One of the best things about being an indieview reviewer is that you get requests for all sorts of stuff, the sort of things you might not ordinarily consider picking up. This one and the one I am about to read, might both qualify in that category. This is a short novella, around 17,000 words, but bulked out with a lot of illustrations. There’s no harm in trying something a little different.
It starts with an intriguing prologue that is written rather like an internal monologue – it’s kind of disturbing in a roundabout sort of way, reflective and brutal so I was hooked from page one of this short novella. The internal monologue tone carries on. The first person narrative works well for the story and you will immediately find yourself drawn into the place and the characters despite at face value not having a lot of depth. It is the personal way in which it is told that really makes this work – as well as the rich flowery and carefully chosen words. The language isn’t flowery, but it does feel carefully crafted to instil emotion into the reader in a specific way. Again, I must come back to that word “personal” – we feel like voyeurs.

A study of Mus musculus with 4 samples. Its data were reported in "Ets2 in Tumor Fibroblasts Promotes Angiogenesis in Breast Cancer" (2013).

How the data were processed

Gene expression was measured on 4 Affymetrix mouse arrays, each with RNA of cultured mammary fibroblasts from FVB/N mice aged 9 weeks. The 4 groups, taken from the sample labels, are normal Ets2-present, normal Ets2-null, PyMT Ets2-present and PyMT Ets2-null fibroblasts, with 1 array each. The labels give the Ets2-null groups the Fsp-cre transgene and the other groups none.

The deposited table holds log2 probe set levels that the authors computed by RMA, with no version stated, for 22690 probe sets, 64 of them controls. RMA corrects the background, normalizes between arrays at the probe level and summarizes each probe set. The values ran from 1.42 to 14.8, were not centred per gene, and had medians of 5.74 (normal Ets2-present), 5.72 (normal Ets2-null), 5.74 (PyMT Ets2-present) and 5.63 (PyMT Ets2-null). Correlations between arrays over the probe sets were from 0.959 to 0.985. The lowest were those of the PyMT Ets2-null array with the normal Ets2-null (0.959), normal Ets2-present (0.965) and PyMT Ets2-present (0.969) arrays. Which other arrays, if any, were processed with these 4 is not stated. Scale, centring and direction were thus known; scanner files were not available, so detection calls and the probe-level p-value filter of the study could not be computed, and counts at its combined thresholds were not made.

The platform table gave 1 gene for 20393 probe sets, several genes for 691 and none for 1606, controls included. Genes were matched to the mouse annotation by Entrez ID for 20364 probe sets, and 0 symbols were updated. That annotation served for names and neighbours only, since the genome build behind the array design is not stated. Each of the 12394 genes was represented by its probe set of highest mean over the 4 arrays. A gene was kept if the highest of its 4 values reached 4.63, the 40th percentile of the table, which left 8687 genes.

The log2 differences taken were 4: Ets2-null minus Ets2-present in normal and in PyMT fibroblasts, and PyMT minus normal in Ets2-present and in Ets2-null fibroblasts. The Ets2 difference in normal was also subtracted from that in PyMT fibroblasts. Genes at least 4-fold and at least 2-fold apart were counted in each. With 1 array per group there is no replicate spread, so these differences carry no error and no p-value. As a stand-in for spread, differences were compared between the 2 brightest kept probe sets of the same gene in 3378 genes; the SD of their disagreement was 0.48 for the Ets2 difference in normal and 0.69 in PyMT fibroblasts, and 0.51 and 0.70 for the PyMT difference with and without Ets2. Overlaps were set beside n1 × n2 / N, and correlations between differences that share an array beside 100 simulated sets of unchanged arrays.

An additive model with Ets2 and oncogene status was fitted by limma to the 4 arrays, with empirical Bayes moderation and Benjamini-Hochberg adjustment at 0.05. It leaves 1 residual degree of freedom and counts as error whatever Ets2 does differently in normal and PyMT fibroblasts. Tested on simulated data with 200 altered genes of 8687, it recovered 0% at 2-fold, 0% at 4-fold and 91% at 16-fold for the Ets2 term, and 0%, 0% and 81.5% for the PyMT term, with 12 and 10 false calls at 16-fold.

It is a tale of love – Jack works in a surf shop and loves Karen who is a lifeguard. He thinks of her often and he sees her on the beach, around town and everywhere else that he would expect to see her. But Karen is dead, she killed herself years ago but Jack feels that somebody is responsible – Old Man Manson of the rock band they went to see the night she died. And Jack intends to kill him.
It is visceral, haunting and very engaging and the images add a dash of the visceral even if they are not visceral in themselves (they are rather juvenile, and it seems deliberately so). I wasn’t so keen on the plot and I cared little for the characters and to be honest, I’m not sure it is supposed to matter. If you like your fiction offbeat then this will be for you. If you are strictly a reader of conventional horror then you probably won’t enjoy it.